According to a recent study by the U.S. Geological Survey, human activities are impacting ground water resources. In study of 30 randomly selected public water-supply wells, there was a correlation found between increasing populations and increases in contamination.

As populations increase around areas with public water-supply wells in the northern Tampa Bay region, there are corresponding increases in contamination. According to a study by the U.S. Geological Survey (USGS), human activities are impacting ground water resources.

In the first phase of the study, 30 randomly selected public-supply wells were sampled prior to treatment and analyzed for the presence of 258 compounds generated by humans such as pesticides and volatile organic compounds (VOCs). The northern Tampa Bay area was selected for study because a large percentage of the population relies on ground-water resources from the Upper Floridan aquifer for drinking water supply.

Of the 258 sampled compounds, 31 were detected in wells prior to treatment. Samples from the wells generally contained a mixture of compounds (average of 4 compounds) and 70 percent of the samples had at least one compound detected. Concentrations were low (less than 1 microgram per liter), well below the potential for human health concern, and were several orders of magnitude below the level of toxicity for drinking-water standards set by the U.S.

Environmental Protection Agency. The relative levels of contamination were closely linked to land-use type and to the amounts and types of chemicals used in each setting. For example, urban areas showed widespread occurrence of pesticides commonly used around the home and gardens, golf courses and public road right-of-ways. These common pesticides included atrazine (including the breakdown products 2-hydroxyatrazine and deethylatrazine), simazine and prometon.

In the second phase of the study, wells that had the highest levels of contamination were resampled before and after treatment. The pesticides most frequently detected both prior to and after treatment were atrazine and its breakdown products. All detections were at very low concentrations (less than 0.03 micrograms per liter).

"We are seeing the effect of human activity and land-use practices on our ground water supplies," says Patricia Metz, USGS hydrologist and lead author on the report. "Although concentrations are very low, their presence indicates the relatively rapid mobility of these contaminants to the ground water system and the vulnerability of ground water supplies to contamination from human activities."

The study examined the relation between the occurrence of the contaminants and land-use, population and local hydrogeologic conditions. In the northern Tampa Bay area the Upper Floridan aquifer ranges from being unconfined to semi-confined. In areas where the aquifer is unconfined, it is more open to recharge from land surface and therefore more vulnerable to impact from human land-use activities. In this study, half of the 30 water supply wells were located in areas where the aquifer was unconfined, the other half in areas where the aquifer was semi-confined. Compounds associated with human activity were found at almost double the rate in water from wells where the aquifer was unconfined as compared to semi-confined conditions.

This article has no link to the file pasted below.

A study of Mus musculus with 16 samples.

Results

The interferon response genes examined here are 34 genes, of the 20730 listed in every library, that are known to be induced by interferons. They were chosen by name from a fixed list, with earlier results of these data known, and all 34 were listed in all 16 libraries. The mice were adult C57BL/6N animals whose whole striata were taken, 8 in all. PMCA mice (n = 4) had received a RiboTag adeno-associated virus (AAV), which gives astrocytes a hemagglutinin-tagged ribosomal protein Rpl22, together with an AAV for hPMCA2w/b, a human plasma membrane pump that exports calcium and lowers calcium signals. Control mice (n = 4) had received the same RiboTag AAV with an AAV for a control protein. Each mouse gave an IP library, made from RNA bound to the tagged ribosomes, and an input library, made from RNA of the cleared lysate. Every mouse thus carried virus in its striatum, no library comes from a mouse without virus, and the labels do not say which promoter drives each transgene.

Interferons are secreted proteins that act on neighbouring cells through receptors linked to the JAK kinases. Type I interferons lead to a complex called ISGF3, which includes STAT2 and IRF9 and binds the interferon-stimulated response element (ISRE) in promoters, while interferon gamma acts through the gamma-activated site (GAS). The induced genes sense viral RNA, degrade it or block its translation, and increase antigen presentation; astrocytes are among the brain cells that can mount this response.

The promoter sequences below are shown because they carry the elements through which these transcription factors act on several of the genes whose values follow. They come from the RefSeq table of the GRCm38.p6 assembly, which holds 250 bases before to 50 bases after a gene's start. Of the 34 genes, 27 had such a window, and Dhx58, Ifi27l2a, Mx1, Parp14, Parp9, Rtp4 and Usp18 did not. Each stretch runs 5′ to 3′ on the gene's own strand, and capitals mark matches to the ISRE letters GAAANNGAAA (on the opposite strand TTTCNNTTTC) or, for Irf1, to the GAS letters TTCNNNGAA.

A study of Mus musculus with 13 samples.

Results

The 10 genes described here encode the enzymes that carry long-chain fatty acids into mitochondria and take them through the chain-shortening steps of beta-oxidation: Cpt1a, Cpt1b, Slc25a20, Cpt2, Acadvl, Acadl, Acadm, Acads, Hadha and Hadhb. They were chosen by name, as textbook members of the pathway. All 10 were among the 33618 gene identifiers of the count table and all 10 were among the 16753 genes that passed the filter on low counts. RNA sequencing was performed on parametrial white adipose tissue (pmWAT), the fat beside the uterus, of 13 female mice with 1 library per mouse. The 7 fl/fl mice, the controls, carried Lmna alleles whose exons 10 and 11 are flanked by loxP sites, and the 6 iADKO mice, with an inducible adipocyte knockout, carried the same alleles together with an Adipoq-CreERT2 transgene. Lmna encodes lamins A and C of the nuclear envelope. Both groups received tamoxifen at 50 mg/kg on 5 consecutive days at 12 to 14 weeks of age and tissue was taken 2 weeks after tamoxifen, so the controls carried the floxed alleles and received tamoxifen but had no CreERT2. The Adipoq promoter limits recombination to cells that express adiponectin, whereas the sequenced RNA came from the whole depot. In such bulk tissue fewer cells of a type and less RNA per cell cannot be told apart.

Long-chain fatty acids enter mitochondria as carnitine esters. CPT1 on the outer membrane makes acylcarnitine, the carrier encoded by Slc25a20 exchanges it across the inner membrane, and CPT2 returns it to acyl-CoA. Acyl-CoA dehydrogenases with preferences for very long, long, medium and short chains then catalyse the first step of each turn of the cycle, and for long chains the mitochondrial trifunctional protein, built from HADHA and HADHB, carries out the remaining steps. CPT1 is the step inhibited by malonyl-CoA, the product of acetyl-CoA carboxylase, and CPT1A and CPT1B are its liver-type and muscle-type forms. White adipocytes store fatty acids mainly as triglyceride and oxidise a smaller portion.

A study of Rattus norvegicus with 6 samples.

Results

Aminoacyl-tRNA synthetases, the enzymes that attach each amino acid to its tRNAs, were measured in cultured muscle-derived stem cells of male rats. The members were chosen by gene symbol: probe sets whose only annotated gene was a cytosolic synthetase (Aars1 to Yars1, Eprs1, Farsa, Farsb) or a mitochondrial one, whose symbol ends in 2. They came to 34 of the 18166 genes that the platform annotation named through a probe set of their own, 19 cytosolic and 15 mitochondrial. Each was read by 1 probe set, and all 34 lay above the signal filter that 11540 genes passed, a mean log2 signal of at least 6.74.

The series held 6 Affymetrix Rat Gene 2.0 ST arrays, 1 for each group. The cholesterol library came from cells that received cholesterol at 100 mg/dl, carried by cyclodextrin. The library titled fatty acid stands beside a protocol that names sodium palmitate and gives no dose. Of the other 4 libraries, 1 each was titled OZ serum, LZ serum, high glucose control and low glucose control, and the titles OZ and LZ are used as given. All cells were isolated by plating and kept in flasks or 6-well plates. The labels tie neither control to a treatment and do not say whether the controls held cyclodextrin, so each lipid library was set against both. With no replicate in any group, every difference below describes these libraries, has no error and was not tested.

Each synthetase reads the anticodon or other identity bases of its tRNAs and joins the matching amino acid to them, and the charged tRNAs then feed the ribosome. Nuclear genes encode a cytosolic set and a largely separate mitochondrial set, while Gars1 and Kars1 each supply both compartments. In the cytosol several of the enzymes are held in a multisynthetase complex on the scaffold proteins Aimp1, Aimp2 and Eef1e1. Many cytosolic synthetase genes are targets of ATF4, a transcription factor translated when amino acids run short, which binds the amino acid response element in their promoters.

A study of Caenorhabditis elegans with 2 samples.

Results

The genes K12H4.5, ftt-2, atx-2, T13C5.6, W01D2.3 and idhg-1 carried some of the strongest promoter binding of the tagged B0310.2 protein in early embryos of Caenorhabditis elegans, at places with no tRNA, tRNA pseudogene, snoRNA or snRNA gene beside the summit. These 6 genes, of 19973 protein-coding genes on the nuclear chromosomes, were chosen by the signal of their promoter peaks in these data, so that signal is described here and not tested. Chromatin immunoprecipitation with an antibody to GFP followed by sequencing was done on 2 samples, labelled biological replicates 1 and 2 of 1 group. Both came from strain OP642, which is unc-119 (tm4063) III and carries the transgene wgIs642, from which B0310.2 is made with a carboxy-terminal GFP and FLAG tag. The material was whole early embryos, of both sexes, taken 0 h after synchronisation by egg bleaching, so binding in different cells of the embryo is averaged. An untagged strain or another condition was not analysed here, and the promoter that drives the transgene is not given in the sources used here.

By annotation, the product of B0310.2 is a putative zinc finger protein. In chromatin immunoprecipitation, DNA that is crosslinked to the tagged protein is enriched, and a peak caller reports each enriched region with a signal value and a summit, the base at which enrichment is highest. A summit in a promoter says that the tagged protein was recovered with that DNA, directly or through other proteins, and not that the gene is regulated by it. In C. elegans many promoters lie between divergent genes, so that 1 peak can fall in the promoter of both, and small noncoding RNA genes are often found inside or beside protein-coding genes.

The study also found that a significant relation exists between population and the number of contaminants detected. Where population and human development was limited, such as large well fields, little to no anthropogenic compounds were detected.

"Concentrations of specific compounds in ground water depend on a number of factors," says Metz. "The hydrogeology plays an important role in allowing these compounds to migrate from land surface into the ground water system. Both the unconfined nature of the aquifer and the higher population are determining factors in the number of anthropogenic compounds detected." Metz adds, "For the past several decades we've seen land-use changes that may affect the future of our potable ground-water supplies." Studies like these can provide information to resource managers and decision makers.

Other key findings include:
  • Chloroform (disinfection by-product) was the most commonly detected VOC and compound detected in the study (detection frequency 43 percent); it was most frequently detected in residential areas. Chloroform detected in residential areas may be associated with lawn irrigation, leaking of supply lines, pools, and spas.

  • Atrazine (herbicide used in lawn care) and its degradates (deethyatrazine; 2-hydroatrazine, and deisopropylatrazine) were the most commonly detected pesticides (54 percent combined detection frequency); most frequently detected in residential areas. Atrazine's detection in residential areas is commonly associated with application of lawn maintenance chemicals.
  • DEET was detected in five source-water samples (17 percent detection frequency); commonly found when sampled wells were near septic systems.

  • Wells sampled in well fields such as Cross Bar, Cypress Creek, Eldridge Wilde and Cosme where the population and the land-use development is limited, little or no human-generated compounds were detected in the ground water.

  • One-on-one comparison between source water and the associated finished water (non-blended) found certain compounds still were detected after the treatment process (for example, atrazine and its breakdown products, bentazon, imidacloprid, tebuthiuron and caffeine were found in the treated ground water); again, these were detected at very low levels.

  • Treated water generally had higher concentrations of human-generated compounds due to the disinfection treatment process.